FORT COLLINS, Colo. -- A federal judge has ordered the city of Fort Collins to stop enforcing a policy that bans women from showing their breasts in public.
It started with one woman asking, "If men can go topless, why can't women?"
"It's sexist because it specifically discriminates against female breasts," Brittiany Hoagland said in 2015.
Hoagland, Samantha Six and a group called Free the Nipple -- Fort Collins made headlines across the country when they protested on the corner of College Avenue and Mulberry Street with nothing but "opaque dressings" covering their nipples.
The Fort Collins City Council asked for public input but ended up voting to keep the topless ban for women in place.
But the council added two exceptions: Breastfeeding mothers and girls younger than 10 years old.
After the decision, Hoagland, Six and Free the Nipple -- Fort Collins filed a civil lawsuit against the city, claiming the policy violates the Equal Protection Clause of the U.S. Constitution.
On Wednesday, Federal Judge R. Brooke Jackson ordered an injunction preventing police and the city from enforcing the ban.
"The court essentially agreed that any statute containing the concept that 'Women are prohibited from …' is likely unconstitutional," attorney David Lane said in a statement.
In his ruling, Jackson disagreed with the argument that topless females might distract drivers and cause traffic issues that disrupt public order.
"[I]t appears that underlying Fort Collins’ belief that topless females are uniquely disruptive of public order is [a] negative stereotype ... that society considers female breasts primarily as objects of sexual desire whereas male breasts are not," Jackson said.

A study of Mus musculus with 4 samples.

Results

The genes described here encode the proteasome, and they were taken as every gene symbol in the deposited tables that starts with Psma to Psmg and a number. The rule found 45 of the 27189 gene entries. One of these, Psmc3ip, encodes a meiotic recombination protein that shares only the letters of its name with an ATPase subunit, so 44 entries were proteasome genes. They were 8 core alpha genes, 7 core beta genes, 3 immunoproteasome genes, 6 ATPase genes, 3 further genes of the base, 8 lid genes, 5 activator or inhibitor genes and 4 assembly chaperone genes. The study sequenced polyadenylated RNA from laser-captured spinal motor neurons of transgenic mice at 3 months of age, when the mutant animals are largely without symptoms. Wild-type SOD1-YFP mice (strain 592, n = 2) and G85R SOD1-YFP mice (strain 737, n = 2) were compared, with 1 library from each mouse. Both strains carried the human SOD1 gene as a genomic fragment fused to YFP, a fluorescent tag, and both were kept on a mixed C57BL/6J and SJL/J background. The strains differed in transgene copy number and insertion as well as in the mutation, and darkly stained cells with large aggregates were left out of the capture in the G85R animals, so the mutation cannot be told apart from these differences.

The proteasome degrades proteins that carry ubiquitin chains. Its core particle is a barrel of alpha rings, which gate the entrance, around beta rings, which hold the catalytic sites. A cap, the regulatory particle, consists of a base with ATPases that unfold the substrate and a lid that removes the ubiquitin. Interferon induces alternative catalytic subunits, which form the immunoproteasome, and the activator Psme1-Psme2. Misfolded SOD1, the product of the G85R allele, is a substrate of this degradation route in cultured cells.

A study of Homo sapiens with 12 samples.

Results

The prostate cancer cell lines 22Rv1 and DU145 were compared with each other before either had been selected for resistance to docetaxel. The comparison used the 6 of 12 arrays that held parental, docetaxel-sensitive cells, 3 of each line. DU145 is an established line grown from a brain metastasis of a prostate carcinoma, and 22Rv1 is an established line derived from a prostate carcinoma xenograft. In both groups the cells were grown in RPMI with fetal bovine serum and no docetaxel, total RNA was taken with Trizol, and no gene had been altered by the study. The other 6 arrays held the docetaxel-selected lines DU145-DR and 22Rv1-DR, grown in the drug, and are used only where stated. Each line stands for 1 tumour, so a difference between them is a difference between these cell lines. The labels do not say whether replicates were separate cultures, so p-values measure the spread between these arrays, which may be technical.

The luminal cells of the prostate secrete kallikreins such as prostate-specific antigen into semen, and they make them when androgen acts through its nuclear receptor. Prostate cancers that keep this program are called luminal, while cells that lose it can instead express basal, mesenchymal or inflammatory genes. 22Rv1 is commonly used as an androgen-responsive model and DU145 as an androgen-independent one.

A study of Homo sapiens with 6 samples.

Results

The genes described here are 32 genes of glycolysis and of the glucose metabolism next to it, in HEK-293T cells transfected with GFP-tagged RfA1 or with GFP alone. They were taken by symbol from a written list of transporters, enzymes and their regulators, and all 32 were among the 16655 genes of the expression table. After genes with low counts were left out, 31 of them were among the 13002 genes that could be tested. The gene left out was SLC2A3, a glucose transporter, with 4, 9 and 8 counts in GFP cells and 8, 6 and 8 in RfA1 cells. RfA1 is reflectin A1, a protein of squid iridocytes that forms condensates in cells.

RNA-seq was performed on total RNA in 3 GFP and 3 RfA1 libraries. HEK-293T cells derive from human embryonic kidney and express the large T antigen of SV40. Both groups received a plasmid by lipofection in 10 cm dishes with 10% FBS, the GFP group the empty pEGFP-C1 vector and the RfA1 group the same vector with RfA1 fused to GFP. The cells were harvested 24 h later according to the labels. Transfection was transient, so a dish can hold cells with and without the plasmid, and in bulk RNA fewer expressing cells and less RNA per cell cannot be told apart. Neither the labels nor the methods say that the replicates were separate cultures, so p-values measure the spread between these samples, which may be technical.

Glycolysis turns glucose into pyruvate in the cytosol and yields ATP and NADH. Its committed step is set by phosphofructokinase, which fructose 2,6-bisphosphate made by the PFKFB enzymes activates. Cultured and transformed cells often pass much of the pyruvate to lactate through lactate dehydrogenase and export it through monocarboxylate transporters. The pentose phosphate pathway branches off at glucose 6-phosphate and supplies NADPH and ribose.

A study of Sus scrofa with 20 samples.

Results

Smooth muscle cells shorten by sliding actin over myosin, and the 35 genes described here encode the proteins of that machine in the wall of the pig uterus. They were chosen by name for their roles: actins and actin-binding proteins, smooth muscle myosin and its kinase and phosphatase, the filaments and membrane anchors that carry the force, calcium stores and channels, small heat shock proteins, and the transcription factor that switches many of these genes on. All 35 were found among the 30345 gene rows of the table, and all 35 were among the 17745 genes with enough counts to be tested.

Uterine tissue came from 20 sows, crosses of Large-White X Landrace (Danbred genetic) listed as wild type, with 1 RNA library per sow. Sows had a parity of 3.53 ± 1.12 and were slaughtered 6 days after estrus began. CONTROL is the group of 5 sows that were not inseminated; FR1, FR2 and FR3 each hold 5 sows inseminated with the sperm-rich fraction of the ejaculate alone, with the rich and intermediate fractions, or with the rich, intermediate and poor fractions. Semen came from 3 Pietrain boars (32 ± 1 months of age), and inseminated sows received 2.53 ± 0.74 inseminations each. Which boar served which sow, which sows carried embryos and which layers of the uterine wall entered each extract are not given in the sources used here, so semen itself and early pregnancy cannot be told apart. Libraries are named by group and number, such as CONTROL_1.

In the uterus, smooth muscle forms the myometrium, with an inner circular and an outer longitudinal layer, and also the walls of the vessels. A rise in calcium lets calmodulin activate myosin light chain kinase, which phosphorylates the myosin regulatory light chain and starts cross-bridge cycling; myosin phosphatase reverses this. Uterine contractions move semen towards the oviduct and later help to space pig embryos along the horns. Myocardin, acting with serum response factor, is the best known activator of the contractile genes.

The judge cited a researcher as stating that sexual objectification of the female breast leads to negative cognitive, behavioral, and emotional outcomes and contributes to higher rates of sexual assault and violence.
The judge also disagreed with the argument that seeing a woman's breasts could harm children.
"Nor has Fort Collins provided any meaningful evidence that the mere sight of a female breast endangers children. The female breast, after all, is one of the first things a child sees," Jackson wrote.
"It seems, then, that children do not need to be protected from the naked female breast itself but from the negative societal norms, expectations, and stereotypes associated with it."
Lane called the decision "Another example of the federal courts enforcing the Constitution in the face of the police and the City fighting against the Bill of Rights."